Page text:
Punam Chuhan-Pole's picture

Sub-Saharan African countries bucked the slowdown in the global economy and grew at a robust pace in 2011 (see Africia's Pulse, February 2012 Update).  

The region’s output expanded by an estimated 4.9 percent, faster than in 2010 and just shy of the pre-crisis (average of 2003-08) level of 5 percent.  Excluding South Africa, the regional growth rate was 5.9 percent.  Particularly notable is the fact that this growth was widespread:  over a third of countries posted 6 percent or higher growth; another 40 percent grew at between 4-6 percent.  Equally important is the fact that several countries saw sustained growth rates of over 6 percent a year in both 2010 and 2011.

So what can Sub-Saharan Africa expect in 2012?  Barring a serious deterioration in the global economy, the outlook for the region seems bright, with a pickup in GDP growth to 5.3 percent in 2012 and 5.6 percent in 2013.  High commodity prices and strong domestic demand, especially buoyant private consumption, are expected to sustain the expansion.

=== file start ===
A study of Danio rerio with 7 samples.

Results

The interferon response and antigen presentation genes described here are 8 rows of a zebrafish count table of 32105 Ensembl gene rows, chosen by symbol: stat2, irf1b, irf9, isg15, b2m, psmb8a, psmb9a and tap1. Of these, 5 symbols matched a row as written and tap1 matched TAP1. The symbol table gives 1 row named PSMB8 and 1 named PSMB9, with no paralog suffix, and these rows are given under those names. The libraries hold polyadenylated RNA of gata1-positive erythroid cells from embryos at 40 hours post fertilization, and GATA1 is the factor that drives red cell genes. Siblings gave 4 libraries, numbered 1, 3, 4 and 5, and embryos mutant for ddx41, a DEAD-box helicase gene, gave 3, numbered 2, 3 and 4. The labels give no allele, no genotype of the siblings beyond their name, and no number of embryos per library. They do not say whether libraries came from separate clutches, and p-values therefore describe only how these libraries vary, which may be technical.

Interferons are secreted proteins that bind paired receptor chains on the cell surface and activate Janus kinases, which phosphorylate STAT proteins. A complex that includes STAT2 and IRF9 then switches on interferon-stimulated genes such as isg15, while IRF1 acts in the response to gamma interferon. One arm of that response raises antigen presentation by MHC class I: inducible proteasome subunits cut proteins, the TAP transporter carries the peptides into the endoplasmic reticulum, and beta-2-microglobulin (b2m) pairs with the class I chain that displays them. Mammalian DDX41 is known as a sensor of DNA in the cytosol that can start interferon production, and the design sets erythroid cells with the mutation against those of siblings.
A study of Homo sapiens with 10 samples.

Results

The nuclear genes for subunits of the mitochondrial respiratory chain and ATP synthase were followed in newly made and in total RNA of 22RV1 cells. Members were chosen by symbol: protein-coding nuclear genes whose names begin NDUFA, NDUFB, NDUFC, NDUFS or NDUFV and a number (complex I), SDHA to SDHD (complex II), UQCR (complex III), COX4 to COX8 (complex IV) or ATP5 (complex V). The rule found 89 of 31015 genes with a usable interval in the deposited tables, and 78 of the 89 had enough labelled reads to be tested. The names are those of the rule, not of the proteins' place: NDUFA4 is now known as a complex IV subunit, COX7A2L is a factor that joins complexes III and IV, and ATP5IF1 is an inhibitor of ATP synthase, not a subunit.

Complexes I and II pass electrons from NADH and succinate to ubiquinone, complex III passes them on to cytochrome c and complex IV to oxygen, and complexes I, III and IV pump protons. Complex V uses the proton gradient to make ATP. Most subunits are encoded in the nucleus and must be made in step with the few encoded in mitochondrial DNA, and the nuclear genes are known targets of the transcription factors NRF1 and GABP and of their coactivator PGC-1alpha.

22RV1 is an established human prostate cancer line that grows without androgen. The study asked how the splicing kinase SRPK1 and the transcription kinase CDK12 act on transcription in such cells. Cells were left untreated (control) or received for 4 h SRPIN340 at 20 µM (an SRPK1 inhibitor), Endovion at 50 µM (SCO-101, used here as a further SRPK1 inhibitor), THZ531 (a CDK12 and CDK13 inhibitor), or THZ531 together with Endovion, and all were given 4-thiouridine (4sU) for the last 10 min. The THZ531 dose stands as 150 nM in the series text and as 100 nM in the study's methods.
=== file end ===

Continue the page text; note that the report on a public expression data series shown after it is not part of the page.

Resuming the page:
But these factors also point to Africa’s vulnerability.  Most African countries are dependent on two or three primary commodities for their export revenues (see figure).  Those that export consumer goods, such as Mauritius, Seychelles and Cape Verde, sell 70-90 percent to the European Union. 

Median share of the largest 3 commodities in total exports in SSA by country group
 
Sources: COMTRADE and staff calculation based on SITC3 classification 4-digit subgroups

A sharp contraction in Europe, therefore, would pull down global demand, significantly depressing commodity prices and trade and lowering growth rates in Africa. Moreover, with many African countries entering 2012 with less fiscal and monetary policy space than in 2008-09, it will be harder for these countries to respond to global shocks as they did in the wake of the 2008 global financial crisis.  Finally, parts of Africa remain susceptible to food price shocks—the Horn of Africa last year, possibly the Sahelian countries of Mali, Niger, Chad and Mauritania this year.
 

You can see the full analysis on Africa's economic outlook on the latest update of the World Bank's Africa Pulse here.